Free Movement Approved for US Lacrosse Girls’ Youth Rules

Kevin P. Tucker

Free movement allows players to move around the playing field instead of being required to hold their positions on stoppages.

The allowance for free movement by players on a whistle or stoppage of play has been approved for the US Lacrosse Girls’ Youth Rules, beginning in 2020, consistent with the change that was approved earlier for the high school girls’ lacrosse rules in 2020. 

US Lacrosse writes and publishes a stand-alone youth rule book for ages 14U and below. The rule sets in this book align with the principles of the Lacrosse Athlete Development Model (LADM), helping to ensure age-appropriate rules that allow athletes to progress and reach their maximum potential.

Free movement allows players to move around the playing field, instead of being required to hold their positions on stoppages. The primary intent of the rule change is to improve the pace of play and allow for a less restrictive experience for the athletes.

“Changing this rule in the youth game helps bring consistency across all levels of the girls’ and women’s game,” said Caitlin Kelley, women’s lacrosse director at US Lacrosse. “We’re pleased that the majority of the rules are aligned between high school and youth, while at the same time keeping some developmentally-appropriate differences, specifically on smaller field sizes for younger players and transitional checking at 12U and 14U.”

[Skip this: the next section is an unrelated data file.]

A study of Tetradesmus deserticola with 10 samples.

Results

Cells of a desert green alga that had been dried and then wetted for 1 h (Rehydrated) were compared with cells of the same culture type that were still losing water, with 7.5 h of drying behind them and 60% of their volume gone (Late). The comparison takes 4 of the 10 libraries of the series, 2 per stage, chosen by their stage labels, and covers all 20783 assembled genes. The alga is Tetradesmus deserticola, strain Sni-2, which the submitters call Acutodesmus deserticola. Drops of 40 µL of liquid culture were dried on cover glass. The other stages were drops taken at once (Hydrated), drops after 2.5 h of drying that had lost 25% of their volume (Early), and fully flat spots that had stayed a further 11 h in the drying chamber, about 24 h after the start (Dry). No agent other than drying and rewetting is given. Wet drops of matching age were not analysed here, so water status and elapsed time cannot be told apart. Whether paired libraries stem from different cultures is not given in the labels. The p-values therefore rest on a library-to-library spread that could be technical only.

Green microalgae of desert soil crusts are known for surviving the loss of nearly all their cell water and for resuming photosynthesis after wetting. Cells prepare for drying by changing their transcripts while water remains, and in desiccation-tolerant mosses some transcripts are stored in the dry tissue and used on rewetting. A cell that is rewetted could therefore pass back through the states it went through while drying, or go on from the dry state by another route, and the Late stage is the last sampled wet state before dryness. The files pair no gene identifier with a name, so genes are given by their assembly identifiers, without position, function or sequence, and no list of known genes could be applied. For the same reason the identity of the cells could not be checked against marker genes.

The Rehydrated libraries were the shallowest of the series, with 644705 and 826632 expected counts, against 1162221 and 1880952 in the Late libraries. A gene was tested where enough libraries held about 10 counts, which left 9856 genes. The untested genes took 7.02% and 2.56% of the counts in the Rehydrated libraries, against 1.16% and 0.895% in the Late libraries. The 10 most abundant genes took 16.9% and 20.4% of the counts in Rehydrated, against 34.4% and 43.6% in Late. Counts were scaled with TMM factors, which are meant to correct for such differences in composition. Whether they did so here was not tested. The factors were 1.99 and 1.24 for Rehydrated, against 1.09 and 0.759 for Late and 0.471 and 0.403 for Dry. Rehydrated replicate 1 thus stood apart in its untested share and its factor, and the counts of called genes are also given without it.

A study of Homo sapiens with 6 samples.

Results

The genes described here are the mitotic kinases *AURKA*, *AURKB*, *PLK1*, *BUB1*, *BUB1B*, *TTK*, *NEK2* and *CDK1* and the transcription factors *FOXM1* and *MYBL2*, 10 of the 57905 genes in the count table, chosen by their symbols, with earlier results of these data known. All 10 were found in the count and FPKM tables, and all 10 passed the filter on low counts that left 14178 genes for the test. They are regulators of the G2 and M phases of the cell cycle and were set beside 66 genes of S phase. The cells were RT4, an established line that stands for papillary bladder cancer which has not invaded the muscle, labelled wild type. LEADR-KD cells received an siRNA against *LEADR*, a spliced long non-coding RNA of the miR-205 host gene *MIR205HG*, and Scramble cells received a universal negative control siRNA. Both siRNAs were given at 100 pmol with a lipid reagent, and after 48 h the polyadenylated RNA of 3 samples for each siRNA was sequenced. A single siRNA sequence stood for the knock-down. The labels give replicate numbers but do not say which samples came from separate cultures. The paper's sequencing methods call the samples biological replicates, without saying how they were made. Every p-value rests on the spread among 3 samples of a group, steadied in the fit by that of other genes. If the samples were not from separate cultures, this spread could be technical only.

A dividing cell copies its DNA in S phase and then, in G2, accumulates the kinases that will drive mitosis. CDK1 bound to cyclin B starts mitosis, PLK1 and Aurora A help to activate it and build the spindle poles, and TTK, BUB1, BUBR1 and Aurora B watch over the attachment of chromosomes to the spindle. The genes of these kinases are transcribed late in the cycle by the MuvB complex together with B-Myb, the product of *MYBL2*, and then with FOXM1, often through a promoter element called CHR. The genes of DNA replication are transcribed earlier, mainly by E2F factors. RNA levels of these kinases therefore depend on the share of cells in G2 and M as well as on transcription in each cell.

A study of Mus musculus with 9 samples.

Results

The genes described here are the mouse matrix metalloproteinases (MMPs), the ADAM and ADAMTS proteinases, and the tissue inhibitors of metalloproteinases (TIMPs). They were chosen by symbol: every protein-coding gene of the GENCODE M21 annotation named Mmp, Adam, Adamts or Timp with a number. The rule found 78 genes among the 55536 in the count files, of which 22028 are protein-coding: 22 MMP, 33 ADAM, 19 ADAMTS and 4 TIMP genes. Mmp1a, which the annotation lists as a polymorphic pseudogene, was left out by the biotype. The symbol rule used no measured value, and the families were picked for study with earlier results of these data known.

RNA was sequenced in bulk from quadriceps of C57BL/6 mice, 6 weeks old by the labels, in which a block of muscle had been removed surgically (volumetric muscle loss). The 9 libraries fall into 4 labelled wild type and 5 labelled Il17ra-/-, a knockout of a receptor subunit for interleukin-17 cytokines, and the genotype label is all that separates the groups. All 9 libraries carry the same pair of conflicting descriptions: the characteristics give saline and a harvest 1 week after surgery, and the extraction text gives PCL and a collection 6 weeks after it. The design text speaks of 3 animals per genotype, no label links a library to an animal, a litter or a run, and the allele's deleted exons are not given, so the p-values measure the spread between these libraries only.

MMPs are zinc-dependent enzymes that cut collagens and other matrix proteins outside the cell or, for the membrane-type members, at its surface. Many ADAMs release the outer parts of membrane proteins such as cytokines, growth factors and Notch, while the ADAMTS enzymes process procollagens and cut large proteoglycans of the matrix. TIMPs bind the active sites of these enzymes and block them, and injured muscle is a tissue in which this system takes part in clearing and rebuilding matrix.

Other changes and adjustments for 2020 addressed minor rule clarifications, self-starts, checking penalties, and some equipment clarifications, and were also consistent with prior changes announced for girls’ high school rules in 2020.

To limit potentially dangerous play in the critical scoring area and allow for consistent administration of the free position, a major foul between the 12 and the 8 will now be administered as a free position taken on the 12-meter fan closest to the spot of the foul for the 12U and 14U rule sets.

Among the equipment-related rule adjustments and clarifications, the most significant change now specifies that during stick checks, game officials will ensure that the ball rolls out of the back of the pocket when placed in the upper third of the head at its widest point and the stick and head are tilted 90 degrees. This rule helps limit the on-field check requirements for the back of the pocket to those issues only related to performance. 

In general, the committee added language clarifying that all equipment cannot be modified from its original manufactured state. All equipment must be worn in the manner the manufacturer intended.

“The US Lacrosse Rules Committee did a great job of ensuring that the 2020 youth rules represent the balance of safety, growth of the game, and athlete experience,” Kelly said.

The 2020 rules will be published online in PDF format by mid-October and in book form later this fall.